Tuesday, May 22, 2012

Chelsea 2012 ...and another thing (splutter)

I've spent two days now at the Chelsea Flower Show and as VP (who has been staying with me) can tell you, there are a number of subjects that really rattle my cage. Unfortunately, VP has gone home now, so she missed my latest explosion, which followed the item on BBC Radio Four Woman's Hour this morning.
I'd made a point of listening in order because Anne Wareham was joining a discussion on gardening. This was billed thus:
"The Chelsea Flower Show is a highligh in the calendar for gardeners. But while the designs exhibited may be beautiful, how environmentally friendly are they? Should we even be concerned about how green gardening is, or should we just enjoy the showcase of talent? And in our own backyards. And what efforts could we make to limit the impact our efforts have on the environment?" (Their words, not mine, which is possibly why they don't quite make sense.)
I was even more delighted when I heard that the other person on the discussion was the Irish garden designer Mary Reynolds, because I loved her garden at Chelsea years ago.
So. It started off with an item about the QR code garden at Chelsea, one of the conceptual gardens. Then the discussion came back to the studio. It was almost a self-parody. The BBC feels compelled (because it is the state broadcaster) always to give both sides of the "argument". This means that it is forever teeing up "adversaries" who are expected to debate a subject in less than two seconds. They usually end with the presenter butting in and saying: "Well, we really must leave it there as we've run out of time." This leaves the listener none the wiser, but the BBC thinks it is "good radio".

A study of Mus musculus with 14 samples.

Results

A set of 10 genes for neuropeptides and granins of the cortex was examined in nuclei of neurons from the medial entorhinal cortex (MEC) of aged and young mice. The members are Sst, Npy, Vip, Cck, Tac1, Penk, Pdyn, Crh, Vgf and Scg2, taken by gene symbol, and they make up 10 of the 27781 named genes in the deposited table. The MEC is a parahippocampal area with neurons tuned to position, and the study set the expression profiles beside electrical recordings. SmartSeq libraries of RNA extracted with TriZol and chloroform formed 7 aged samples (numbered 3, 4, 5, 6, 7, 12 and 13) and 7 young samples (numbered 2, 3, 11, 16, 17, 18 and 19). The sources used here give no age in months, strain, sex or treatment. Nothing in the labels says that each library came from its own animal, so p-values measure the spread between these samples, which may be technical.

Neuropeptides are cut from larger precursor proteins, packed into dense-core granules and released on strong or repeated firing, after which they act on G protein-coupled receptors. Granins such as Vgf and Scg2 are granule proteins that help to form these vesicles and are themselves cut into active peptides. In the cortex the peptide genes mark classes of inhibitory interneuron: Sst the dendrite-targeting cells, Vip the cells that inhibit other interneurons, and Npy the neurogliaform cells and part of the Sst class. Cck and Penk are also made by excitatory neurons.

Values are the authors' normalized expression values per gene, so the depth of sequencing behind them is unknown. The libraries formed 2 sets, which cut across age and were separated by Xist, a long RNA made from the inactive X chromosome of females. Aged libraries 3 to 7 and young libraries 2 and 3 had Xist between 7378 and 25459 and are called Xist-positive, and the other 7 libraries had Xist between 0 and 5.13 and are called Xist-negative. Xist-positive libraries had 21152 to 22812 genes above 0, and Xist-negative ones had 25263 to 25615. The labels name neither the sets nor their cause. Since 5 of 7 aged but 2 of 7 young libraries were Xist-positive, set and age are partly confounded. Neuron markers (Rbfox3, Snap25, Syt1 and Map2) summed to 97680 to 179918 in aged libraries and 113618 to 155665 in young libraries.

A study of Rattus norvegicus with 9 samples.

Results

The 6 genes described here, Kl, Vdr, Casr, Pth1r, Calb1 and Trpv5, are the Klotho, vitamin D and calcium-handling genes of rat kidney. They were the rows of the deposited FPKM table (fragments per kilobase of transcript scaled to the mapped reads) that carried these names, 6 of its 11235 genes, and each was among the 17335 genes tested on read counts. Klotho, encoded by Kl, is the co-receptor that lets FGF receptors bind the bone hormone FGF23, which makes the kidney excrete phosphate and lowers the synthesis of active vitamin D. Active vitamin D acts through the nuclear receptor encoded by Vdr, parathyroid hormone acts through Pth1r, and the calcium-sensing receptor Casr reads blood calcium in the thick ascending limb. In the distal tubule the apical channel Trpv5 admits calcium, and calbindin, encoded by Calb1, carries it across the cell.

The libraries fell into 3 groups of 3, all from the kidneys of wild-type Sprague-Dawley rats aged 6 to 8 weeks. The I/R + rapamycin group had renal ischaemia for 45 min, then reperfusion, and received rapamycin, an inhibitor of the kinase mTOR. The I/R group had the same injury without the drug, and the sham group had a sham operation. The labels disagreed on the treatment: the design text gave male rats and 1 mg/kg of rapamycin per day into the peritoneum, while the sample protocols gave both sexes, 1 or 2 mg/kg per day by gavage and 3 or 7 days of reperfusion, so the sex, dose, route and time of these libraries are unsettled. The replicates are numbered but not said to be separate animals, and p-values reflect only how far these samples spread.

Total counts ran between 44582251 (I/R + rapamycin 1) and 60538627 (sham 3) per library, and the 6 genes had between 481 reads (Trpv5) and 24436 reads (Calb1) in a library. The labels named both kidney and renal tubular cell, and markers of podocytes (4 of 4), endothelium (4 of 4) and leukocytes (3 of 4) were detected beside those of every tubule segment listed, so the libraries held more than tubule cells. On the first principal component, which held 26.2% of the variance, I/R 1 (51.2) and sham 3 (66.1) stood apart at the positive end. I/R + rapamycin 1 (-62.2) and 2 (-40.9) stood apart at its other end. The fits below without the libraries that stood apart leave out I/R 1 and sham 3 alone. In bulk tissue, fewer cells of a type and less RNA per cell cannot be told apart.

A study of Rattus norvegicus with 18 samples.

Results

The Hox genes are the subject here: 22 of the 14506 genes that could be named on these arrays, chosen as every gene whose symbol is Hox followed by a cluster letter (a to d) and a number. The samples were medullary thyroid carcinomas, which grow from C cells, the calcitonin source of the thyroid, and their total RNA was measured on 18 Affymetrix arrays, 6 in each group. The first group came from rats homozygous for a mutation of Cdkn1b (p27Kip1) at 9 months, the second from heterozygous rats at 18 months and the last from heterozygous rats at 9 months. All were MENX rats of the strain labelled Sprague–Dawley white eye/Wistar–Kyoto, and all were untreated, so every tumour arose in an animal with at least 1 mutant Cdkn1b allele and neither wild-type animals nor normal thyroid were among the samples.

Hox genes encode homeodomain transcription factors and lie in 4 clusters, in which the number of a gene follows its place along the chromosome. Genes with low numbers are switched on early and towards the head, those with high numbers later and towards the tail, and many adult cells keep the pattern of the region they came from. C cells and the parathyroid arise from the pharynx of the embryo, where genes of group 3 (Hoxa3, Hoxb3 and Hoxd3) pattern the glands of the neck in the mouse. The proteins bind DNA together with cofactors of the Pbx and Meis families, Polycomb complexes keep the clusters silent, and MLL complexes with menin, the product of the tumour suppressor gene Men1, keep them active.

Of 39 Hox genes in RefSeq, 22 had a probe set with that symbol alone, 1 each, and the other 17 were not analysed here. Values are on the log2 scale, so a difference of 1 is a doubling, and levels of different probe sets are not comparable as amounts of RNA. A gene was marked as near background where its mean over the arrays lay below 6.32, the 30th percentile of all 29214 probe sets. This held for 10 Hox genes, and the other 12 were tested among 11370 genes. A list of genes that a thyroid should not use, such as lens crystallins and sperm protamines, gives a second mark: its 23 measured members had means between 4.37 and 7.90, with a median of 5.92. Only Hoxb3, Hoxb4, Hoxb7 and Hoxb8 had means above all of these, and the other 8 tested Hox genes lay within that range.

Basically, the discussion went along the lines of: "Should all our gardens look like the QR garden?"
Mary Reynolds seemed to be saying (I'm paraphrasing): "No, we have lost touch with Nature, because we're stopped growing our own food."
Anne Wareham (I'm paraphrasing again): "Any kind of garden can be a haven for wildlife, so long as it isn't solid concrete. We shouldn't feel compelled to stick to some sentimental template just because that is what everyone is familiar with."
There are two annoying things about this. First, there was loads of naturalistic planting at Chelsea this year. Wildflowers and trees were sprouting everywhere. The QR garden was making a specific point about QR codes - which as VP pointed out, are incredibly useful for gardeners, since you can click on the QR code and get lots more information about a plant that you want to buy. It beats those irritating V-VII plus half a sun symbols. So by taking it as a starting point for the discussion, the BBC was just being mischievous. Actually, stupid was the word that sprang to mind.
Second, why was Woman's Hour the forum for a discussion about gardening? Is it seen by the BBC as "women's interest"? Why not have a discussion about whether there will ever be a point when there are more female designers than male at Chelsea? Or why it is that men, on the whole, tend to do better than women in the medals league? Or why there aren't more women judges at the RHS shows? There ARE women judges, but having seen the judging teams go round at more Chelseas than I care to remember, I can tell you that the majority are men.